FP staffMay 9, 2022 12:16:57 IST
There’s no reason to deny it, but automation is the future. Imagine a world where your TV pauses the movie or show you’re watching when it senses you’ve got up to grab a bowl of fresh popcorn and resumes the content when you return. Or how about a computer sensing you’re stressed at work and starting to play some soothing and relaxing tunes?
Well, about the future as these ideas seem, most of this is happening right now. However, one of the biggest reasons it fails is that these systems use cameras to record and analyze user behavior. The problem with using cameras in such systems is that it raises a lot of privacy concerns. After all, people are really paranoid about their computers and smartphones, keeping an eye on them.
Google is actually working on a new system that records and analyzes user movements and behavior without using a camera. Instead, the new technology uses radar to read your body movements and understand your moods and intentions, then act accordingly.
The basic idea for the new system is a device that will use radar to create spatial awareness and will monitor space for any changes, then send instructions to comply with what the user wants the system to do. implementation system.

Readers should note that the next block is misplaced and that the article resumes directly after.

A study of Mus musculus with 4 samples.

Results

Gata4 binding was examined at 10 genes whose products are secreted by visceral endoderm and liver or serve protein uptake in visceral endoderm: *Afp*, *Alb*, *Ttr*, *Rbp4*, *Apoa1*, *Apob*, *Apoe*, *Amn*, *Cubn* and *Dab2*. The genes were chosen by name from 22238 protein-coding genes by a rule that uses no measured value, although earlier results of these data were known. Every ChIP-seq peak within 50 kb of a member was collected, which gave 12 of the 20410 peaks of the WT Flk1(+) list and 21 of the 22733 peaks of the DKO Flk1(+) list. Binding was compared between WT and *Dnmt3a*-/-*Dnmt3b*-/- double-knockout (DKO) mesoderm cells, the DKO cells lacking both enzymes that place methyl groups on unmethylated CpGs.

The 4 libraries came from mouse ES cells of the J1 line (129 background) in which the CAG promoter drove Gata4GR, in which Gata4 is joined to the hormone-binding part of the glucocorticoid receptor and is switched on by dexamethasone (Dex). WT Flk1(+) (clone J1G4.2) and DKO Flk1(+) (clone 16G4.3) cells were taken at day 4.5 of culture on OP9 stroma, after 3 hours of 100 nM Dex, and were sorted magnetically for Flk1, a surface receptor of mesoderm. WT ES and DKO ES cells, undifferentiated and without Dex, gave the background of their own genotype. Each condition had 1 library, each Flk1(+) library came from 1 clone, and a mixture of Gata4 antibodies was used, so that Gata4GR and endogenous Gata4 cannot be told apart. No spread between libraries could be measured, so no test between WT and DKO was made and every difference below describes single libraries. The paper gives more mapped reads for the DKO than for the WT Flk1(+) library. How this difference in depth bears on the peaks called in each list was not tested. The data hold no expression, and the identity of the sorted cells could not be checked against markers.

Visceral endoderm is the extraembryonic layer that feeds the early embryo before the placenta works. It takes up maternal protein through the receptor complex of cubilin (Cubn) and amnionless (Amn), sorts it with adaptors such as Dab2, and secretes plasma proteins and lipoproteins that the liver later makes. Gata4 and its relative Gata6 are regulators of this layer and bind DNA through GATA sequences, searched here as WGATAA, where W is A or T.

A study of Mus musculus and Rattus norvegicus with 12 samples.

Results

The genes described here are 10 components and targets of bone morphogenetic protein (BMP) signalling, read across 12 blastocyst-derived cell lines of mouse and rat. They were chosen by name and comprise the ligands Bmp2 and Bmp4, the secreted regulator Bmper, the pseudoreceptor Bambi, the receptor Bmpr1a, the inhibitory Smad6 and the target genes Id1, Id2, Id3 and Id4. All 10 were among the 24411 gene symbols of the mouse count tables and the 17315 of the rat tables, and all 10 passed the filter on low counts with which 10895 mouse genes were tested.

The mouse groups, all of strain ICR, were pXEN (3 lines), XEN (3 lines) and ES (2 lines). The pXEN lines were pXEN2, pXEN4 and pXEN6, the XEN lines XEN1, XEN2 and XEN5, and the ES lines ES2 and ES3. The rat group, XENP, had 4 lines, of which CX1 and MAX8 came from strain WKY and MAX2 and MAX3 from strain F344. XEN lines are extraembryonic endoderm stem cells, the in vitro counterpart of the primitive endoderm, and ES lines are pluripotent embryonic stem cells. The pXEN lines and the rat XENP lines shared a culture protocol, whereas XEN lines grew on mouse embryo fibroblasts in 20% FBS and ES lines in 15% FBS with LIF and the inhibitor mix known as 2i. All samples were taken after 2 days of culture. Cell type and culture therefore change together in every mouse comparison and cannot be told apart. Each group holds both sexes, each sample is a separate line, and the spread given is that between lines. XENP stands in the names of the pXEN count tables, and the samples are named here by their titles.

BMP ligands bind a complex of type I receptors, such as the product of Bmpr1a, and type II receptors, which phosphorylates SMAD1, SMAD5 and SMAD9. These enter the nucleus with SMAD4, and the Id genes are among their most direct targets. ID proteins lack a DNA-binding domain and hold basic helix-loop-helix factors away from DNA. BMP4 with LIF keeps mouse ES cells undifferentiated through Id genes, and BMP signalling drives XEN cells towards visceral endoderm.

This isn’t the first time Google has floated the idea of using spatially-perceived stimuli for its devices. In 2015, Google unveiled the Soli sensor, which uses radar-based electromagnetic waves to pick up precise gestures and movements. Google first used the sensor in the Google Pixel 4, when it used simple hand gestures for various inputs, like snoozing alarms, pausing music, taking screenshots, etc. uses radar-based sensors, in the Nest Hub smart display, to study the movement and breathing patterns of a person sleeping next to it.
Research and testing around the Soli sensor is now allowing computers to recognize our everyday movements and make new kinds of choices.
The new research focuses on proxemics, studying how people use the space around them to mediate social interactions. This assumes that devices such as computers and mobile phones have their own personal space.
So when there is any change in personal space, the radar picks this up and sends out instructions. For example, a computer can start without you pressing a button.
The final frontier for large-scale automation is private, end-user and household. If Google can perfect this technology and make it mainstream, this will be a big win for automation.